Shape Up With Pickles
By Michele Hatton
Did the holidays serve up an extra half-inch to your waistline? Get back in shape with pickles, a reliable food that entered the human diet 4,000 years ago. These beloved briny snacks contain little or no fat, few calories and are quite easy to make at home.
Almost any vegetables—cucumbers, sugar peas, carrots, cauliflower, shredded cabbage, turnips—can be pickled using either vinegar or a brine (a mixture of salt and water). Brined pickles are fermented, which not only makes them grow sour but causes them to be suffused with the friendly gut bacteria, Lactobacillus acidophilus, an important digestive aid.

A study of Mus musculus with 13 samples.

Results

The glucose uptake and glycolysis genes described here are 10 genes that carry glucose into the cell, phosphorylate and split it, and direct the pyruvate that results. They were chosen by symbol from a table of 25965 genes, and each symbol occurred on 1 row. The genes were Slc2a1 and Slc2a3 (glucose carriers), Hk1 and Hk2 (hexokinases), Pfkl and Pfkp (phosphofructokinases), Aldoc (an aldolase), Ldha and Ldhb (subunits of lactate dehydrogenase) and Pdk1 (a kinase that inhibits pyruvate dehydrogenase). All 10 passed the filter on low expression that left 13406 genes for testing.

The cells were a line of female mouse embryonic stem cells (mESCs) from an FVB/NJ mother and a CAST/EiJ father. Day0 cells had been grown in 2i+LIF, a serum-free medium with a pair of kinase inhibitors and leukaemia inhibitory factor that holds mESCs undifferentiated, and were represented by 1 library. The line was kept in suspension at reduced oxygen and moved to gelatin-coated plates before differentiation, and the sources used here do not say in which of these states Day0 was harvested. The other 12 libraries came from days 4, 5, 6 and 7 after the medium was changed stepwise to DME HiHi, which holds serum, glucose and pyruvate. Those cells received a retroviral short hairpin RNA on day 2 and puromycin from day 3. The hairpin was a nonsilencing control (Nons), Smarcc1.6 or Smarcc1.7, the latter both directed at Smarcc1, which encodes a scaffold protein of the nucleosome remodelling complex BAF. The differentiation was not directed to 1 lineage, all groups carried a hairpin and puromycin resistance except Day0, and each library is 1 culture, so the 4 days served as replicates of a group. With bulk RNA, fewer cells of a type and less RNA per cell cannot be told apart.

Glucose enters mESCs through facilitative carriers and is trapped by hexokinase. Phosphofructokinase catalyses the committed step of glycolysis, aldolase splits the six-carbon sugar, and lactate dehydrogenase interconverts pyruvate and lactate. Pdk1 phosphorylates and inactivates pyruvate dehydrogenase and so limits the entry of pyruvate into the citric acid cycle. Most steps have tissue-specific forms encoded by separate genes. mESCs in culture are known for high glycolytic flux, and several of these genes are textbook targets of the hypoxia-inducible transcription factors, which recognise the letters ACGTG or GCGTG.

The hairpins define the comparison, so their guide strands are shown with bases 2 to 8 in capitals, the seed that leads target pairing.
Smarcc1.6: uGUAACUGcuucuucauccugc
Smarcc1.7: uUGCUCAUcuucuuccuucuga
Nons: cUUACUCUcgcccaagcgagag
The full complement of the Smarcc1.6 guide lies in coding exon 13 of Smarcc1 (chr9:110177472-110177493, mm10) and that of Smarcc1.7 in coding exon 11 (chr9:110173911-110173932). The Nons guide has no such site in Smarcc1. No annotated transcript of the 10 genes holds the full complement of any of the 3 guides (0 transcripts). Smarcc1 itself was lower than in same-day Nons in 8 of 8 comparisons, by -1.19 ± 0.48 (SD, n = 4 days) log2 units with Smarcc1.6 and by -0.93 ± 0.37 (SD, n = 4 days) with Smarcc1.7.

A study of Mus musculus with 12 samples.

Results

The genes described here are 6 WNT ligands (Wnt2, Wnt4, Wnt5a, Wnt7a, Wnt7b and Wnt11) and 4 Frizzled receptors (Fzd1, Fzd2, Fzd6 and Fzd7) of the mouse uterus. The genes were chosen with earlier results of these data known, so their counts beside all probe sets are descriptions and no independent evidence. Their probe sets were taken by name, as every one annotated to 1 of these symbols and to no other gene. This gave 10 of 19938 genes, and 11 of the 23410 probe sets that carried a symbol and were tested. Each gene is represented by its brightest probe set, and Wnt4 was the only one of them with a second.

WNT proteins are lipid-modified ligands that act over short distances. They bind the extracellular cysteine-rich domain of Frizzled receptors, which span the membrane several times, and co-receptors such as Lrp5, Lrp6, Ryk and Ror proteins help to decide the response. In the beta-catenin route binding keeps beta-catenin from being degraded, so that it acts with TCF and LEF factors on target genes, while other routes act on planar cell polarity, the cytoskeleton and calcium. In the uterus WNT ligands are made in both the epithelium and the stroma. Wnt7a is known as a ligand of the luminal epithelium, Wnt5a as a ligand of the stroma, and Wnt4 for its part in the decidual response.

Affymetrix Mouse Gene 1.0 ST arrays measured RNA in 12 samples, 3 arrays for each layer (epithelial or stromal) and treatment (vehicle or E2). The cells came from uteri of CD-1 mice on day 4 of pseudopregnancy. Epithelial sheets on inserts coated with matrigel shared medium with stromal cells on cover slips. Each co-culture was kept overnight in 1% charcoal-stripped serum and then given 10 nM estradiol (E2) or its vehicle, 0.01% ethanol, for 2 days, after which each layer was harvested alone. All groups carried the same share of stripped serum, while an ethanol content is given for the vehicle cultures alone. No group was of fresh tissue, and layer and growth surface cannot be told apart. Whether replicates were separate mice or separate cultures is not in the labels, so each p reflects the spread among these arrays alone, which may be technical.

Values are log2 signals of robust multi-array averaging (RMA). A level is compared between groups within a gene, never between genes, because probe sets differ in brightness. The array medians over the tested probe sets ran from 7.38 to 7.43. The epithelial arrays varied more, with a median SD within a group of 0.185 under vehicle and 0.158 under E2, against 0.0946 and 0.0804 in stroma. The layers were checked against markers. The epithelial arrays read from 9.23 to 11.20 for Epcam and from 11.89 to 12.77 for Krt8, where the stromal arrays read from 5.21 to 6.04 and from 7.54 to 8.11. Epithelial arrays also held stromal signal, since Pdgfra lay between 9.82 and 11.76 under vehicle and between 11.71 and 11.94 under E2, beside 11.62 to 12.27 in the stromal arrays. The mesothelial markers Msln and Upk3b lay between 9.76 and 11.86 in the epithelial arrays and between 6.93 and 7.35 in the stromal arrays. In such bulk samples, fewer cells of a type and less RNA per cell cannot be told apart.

There is no vinegar used in the brine of naturally fermented pickles; consequently, the flavor of salt-pickled vegetables can’t be beat. Without a strong vinegar taste, you can eat these pickles all day long, with wild abandon, and not gain a pound (well almost).
To make brine pickles, consider the advice of Jill Welch, local chef and healthy cooking instructor (www.thekitchengoddess.com). “Basically put vegetables in a jar with salt water. Cap. Let sit for at least three days or until you get the desired pickle taste you’re after.” Traditional spices used in pickling can enhance the flavor of your batch. These include garlic, horseradish, whole dill stems with umbels and green seeds, white mustard seeds, bay leaves and dried allspice.
You can find sauerkraut, pickles and kimchee (an scrumptious Korean vegetable pickle) in New Leaf’s refrigerated section. Also available on the shelves are pickled okra, carrots, green tomatoes, peppers and snap peas. Enjoy and stop counting—the calories are few to none!